Kyle Larson got a taste of the 2019 rules package by running it for half a day Wednesday during a Goodyear tire test at Phoenix Raceway, and one of the things he noticed was the grip.
“It just has way more grip,” Larson said. “We ran through some different tire compounds and stuff to get an idea. All of them had a lot of grip so you could carry a ton of throttle. The acceleration obviously wasn’t the same as the ’18 package just because you have the bigger blade and stuff on the back. A lot more drag, so acceleration wasn’t quite as much.”
NASCAR announced the rules package on Tuesday. A 1.17-inch tapered spacer will be in place for tracks shorter than 1.33 miles in length. On tracks that are larger, teams will use a 0.922-inch tapered spacer. Aero ducts, a splitter with overhang in the front, and a larger spoiler were also among the changes announced.
Larson said he is not on the driver’s council, and didn’t have an opinion on the package decision.
“It was pretty crazy how far you could run in the corner and then also how quick you could pick the gas up,” Larson said of the test. “I don’t know what it’s going to do for the racing at a track like that, but I feel like if we go there with a hard tire like kind of what we were testing on, or what it seemed like Goodyear liked… I felt like that would be hard to race. But they still have time to tweak on it and hopefully bring a tire that will match that aero package and hopefully put on a decent race.”
Two of the Team Penske drivers, Joey Logano and Ryan Blaney, said slower can be better.
“I think there’s a lot of unknowns,” said Logano. “We don’t know how it’s gonna be yet, but I think there’s a lot of opportunity for it to be better as well. I think the halfway test that we’ve kind of had is the All-Star Race, and what we’ve seen in the Xfinity Series so far with a package that’s close to it. Your foot is in the gas pipe a lot more, but at the same time, you’re able to make a lot of moves with the draft and change a lot of different lines.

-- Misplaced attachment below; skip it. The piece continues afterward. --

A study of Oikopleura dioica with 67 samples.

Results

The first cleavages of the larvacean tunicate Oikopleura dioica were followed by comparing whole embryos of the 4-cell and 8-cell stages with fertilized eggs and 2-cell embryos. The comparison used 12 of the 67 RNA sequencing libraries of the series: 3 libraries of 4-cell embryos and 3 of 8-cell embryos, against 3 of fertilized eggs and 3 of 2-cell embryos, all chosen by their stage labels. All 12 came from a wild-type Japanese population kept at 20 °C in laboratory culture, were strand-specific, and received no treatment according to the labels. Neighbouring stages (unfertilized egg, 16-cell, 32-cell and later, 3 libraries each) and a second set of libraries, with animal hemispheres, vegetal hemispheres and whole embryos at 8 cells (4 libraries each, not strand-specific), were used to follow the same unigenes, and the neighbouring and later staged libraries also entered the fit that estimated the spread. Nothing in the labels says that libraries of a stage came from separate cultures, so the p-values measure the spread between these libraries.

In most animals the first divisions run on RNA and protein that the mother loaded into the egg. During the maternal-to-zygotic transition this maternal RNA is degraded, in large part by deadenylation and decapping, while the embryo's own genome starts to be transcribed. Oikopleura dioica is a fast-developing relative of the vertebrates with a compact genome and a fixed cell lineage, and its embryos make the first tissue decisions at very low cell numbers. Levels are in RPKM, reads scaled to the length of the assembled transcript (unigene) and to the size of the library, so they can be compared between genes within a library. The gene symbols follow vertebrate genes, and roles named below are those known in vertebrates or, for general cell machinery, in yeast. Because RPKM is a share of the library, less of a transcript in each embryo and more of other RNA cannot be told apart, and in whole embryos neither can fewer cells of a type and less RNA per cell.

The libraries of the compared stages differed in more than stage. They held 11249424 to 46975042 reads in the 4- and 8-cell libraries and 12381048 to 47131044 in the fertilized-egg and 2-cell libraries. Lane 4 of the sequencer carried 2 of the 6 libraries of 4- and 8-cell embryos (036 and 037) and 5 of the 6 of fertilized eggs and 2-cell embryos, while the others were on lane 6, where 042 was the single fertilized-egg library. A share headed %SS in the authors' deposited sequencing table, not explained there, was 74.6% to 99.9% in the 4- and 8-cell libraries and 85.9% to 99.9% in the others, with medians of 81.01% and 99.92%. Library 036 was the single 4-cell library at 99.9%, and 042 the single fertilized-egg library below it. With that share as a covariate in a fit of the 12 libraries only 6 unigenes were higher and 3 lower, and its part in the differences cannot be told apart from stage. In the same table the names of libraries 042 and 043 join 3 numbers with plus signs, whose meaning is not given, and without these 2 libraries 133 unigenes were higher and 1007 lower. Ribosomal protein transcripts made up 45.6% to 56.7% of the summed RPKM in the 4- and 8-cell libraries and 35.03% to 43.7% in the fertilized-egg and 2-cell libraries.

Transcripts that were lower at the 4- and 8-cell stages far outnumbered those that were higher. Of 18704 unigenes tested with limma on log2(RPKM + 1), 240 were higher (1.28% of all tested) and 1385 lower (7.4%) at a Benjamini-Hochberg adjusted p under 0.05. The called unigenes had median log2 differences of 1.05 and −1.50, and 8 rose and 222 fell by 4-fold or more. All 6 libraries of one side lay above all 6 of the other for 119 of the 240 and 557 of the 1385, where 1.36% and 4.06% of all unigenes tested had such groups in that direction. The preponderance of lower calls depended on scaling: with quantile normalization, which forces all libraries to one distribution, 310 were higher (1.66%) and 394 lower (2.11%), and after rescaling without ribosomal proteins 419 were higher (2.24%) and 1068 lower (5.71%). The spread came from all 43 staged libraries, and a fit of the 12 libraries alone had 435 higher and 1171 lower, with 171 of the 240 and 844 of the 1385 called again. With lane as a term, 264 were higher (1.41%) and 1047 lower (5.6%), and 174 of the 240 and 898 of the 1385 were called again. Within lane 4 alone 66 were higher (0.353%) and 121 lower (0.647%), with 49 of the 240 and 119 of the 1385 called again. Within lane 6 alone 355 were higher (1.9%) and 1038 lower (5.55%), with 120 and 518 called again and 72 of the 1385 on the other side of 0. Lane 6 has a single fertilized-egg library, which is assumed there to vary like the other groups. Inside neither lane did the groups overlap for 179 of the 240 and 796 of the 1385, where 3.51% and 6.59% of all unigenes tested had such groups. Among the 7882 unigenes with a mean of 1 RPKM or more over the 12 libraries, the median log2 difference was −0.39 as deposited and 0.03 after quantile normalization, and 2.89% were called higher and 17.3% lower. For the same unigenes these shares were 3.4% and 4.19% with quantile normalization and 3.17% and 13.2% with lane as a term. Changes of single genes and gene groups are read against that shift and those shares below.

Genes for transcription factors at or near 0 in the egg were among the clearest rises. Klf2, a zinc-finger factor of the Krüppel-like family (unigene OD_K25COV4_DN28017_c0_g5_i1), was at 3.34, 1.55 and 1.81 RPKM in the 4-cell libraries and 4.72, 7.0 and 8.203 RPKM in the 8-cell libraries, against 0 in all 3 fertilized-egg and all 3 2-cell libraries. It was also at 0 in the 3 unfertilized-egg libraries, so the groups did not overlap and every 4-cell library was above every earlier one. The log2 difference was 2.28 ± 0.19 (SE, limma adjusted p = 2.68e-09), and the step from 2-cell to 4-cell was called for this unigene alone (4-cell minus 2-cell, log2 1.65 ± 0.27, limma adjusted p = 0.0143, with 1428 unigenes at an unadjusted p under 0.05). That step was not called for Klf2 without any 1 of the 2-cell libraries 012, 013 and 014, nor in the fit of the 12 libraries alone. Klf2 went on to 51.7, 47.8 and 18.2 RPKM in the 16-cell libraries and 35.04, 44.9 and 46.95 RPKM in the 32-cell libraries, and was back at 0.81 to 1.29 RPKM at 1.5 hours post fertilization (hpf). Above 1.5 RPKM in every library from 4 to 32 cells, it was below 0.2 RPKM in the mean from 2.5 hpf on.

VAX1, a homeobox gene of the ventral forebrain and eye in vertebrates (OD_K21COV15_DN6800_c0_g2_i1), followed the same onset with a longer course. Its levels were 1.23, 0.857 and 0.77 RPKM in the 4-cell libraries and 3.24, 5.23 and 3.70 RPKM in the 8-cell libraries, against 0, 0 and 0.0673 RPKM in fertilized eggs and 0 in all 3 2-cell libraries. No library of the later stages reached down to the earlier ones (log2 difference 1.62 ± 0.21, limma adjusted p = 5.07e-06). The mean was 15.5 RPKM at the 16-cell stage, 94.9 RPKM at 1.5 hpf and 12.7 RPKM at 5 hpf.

“The All-Star Race was a lot of fun, but obviously that’s an All-Star Race. So I think we need to have a little asterisk next to it and say it was the All-Star Race, and everyone is racing for all-or-nothing, and have that attitude. But I think at the same time this package, at a lot of racetracks I think it will be better, and at some racetracks it may be similar to where we’re at. We’ll just have to wait and see.”
Said Blaney, “I think it’s good. They adjusted it from the All-Star package. I thought the All-Star package was too slow, so it’s nice they added some horsepower back to the mile-and-a-halfs and then staying the same at the short tracks and road courses, so that’s nice, but we’ll see. I thought the All-Star package had some bright spots in it and I thought they could make some improvements to some things, and I think they did that. I feel like the racing will be better than we even saw it at the All-Star Race, because the teams can have more time with the cars and understand them more, and NASCAR can test them and all sorts of things, so we’ll just see how it goes.
“I think it’s gonna be fine. You don’t bash anything. I’m excited to see what it’s like. If we can get a couple tests here in the off-season, which I’m sure there will be, and then the first race with that package – it doesn’t have the ducts in them – is Atlanta, so we’ll see what comes of it. But I’m all for it. I know we talked about it a lot in the Driver Council deal and the RTA has been part of it, and I feel like we all came to a conclusion and that’s what they went with. I’m behind it 100 percent, so we’ll see how it does.”
Jimmie Johnson admitted he doesn’t know what next year will look like, also expressing a wait-and-see approach. But Johnson is on the driver’s council as well as a rules meeting council, where he said the drivers were heard.
“I think there’s been a couple of great races that have shown that package puts on a great show, and I think we’d be naive to think that it’s just going to be awesome everywhere,” Johnson said. “But there’s a big attempt being made to improve the quality of racing, and I support making our sport stronger. That’s where I stand on it.
“At the end of the day, they’re still passing out a trophy, and I like trophies. So, we’ll make whatever work.”
Kyle Busch has been against a package where speeds would be slower and the pack closer together, but said it’s all about putting on a better show.
“I think there’s certain race tracks it will bode really well at and it will be a positive,” said Busch. “There’s probably some others where it might not be that way. We’ll have to give it a wait and see mentality, and find out as we go.”